Book review: The 6:41 to Paris by Jean-Philippe Blondel


(fiction)

 Release date: November 10, 2015
at New Vessel Press

153  pages

ISBN: 978-1939931269

Website | Goodreads

SYNOPSIS

Cecile, a stylish 47-year-old, has spent the weekend visiting her parents in a provincial town southeast of Paris. By early Monday morning, she’s exhausted. These trips back home are always stressful and she settles into a train compartment with an empty seat beside her. But it’s soon occupied by a man she instantly recognizes: Philippe Leduc, with whom she had a passionate affair that ended in her brutal humiliation 30 years ago. In the fraught hour and a half that ensues, their express train hurtles towards the French capital. Cécile and Philippe undertake their own face to face journey—In silence? What could they possibly say to one another?—with the reader gaining entrée to the most private of thoughts. This is a brilliant psychological thriller, a high-wire act of emotions on rails, about past romance, with all its pain and promise. [provided by the publisher]

ABOUT THE AUTHOR

portrait de Jean-philippe Blondel
portrait de Jean-philippe Blondel

Jean-Philippe Blondel
was born in 1964 in Troyes, France

where he lives as an author and English teacher.
His novel The 6:41 to Paris
has been a bestseller in both France and Germany.

ABOUT THE TRANSLATOR

Alison Anderson is a novelist and translator of literature from French. Among the authors she has translated are JMG Le Clézio, Christian Bobin, Muriel Barbery and Amélie Nothomb. She has lived in Northern California and currently lives in a village in Switzerland.

“I’m talking to you and you can’t hear me.  

Thirty minutes to dive in, into the flotsam of the years gone by, and hope to find a piece of wood, a roof, a boat adrift – to start everything over again.”.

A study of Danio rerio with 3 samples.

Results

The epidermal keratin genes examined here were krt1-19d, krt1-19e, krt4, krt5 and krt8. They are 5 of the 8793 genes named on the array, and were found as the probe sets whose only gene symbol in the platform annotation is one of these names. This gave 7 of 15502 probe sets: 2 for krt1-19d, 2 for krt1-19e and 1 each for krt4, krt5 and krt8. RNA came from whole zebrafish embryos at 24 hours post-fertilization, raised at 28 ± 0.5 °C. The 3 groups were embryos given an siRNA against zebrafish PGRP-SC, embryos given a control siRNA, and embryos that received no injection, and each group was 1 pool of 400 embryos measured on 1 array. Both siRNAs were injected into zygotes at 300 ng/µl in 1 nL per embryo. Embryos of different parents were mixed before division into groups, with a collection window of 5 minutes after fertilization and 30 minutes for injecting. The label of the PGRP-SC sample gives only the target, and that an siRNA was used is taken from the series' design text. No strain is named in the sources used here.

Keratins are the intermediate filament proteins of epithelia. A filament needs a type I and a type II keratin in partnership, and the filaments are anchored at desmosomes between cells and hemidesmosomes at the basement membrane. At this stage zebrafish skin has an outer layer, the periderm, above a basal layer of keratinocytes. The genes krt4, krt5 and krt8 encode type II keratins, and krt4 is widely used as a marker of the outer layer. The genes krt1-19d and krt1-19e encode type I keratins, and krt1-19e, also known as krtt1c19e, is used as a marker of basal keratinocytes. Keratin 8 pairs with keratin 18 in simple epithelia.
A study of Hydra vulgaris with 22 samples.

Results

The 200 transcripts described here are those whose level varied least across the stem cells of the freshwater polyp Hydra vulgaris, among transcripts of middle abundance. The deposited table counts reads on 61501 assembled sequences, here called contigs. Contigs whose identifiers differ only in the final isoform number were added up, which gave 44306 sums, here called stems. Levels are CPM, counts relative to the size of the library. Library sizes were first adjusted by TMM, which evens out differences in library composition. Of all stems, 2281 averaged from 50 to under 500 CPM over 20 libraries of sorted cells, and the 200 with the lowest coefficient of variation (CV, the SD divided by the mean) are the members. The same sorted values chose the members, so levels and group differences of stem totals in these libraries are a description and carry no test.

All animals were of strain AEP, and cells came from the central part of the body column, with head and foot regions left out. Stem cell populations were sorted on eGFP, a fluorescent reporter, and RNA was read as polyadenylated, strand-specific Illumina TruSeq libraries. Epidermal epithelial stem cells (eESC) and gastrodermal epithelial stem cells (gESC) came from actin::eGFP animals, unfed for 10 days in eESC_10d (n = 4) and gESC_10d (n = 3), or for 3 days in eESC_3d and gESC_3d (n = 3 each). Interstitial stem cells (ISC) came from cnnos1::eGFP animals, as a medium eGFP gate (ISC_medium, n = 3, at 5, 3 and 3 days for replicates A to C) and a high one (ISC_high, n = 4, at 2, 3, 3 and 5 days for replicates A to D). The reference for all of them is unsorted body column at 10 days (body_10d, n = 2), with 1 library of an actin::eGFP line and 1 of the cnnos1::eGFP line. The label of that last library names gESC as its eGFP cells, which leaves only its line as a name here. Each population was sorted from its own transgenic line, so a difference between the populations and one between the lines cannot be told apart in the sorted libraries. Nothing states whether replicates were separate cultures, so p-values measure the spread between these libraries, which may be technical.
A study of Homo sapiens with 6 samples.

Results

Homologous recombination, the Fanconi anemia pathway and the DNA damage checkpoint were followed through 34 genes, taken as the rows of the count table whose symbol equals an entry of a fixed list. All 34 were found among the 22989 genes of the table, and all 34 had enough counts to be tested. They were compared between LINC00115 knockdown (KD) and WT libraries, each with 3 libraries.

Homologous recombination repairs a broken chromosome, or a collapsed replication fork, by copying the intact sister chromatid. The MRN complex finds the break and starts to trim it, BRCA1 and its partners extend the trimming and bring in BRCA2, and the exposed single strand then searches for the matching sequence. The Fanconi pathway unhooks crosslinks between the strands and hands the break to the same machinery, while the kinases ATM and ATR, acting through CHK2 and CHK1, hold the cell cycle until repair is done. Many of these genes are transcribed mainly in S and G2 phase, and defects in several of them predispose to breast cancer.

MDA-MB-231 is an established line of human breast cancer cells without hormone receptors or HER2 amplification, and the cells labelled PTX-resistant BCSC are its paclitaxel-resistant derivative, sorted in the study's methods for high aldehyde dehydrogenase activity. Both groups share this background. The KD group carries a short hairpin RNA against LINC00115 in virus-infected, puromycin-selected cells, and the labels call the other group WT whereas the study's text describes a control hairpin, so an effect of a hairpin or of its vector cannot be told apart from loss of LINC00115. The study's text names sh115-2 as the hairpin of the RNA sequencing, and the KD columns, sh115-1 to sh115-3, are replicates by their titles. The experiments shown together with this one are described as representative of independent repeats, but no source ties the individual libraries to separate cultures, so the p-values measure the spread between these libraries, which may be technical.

The 6:41 to Paris is a glimpse into the private musings of two people unexpectedly seated together on the same train.  Two persons who, 27 years previous, parted in pain.  Each agonizes over past memories, mistakes,  family problems and and contemplate their possible futures.  

This book, originally written in French, was translated into English by Alison Anderson.  It was incredibly well done.   The dual musings blended back and forth smoothly between Cecile and Philippe, one picking up where the other left off.  Their story begins to take shape as their train rolled on toward Paris, their final destination.  

There were many gentle and amusing anectdotes and reflections which I found to be beautifully written.   For example:

“There comes an age when you find yourself trapped between indifferent children and recalcitrant parents.  That’s all there is to it.  I’m forty-seven years old.  I’m right in the middle of it.”

A pleasant and easy read (perfect for a trip!).  You’ll want to pass this this story on to someone else to enjoy as well.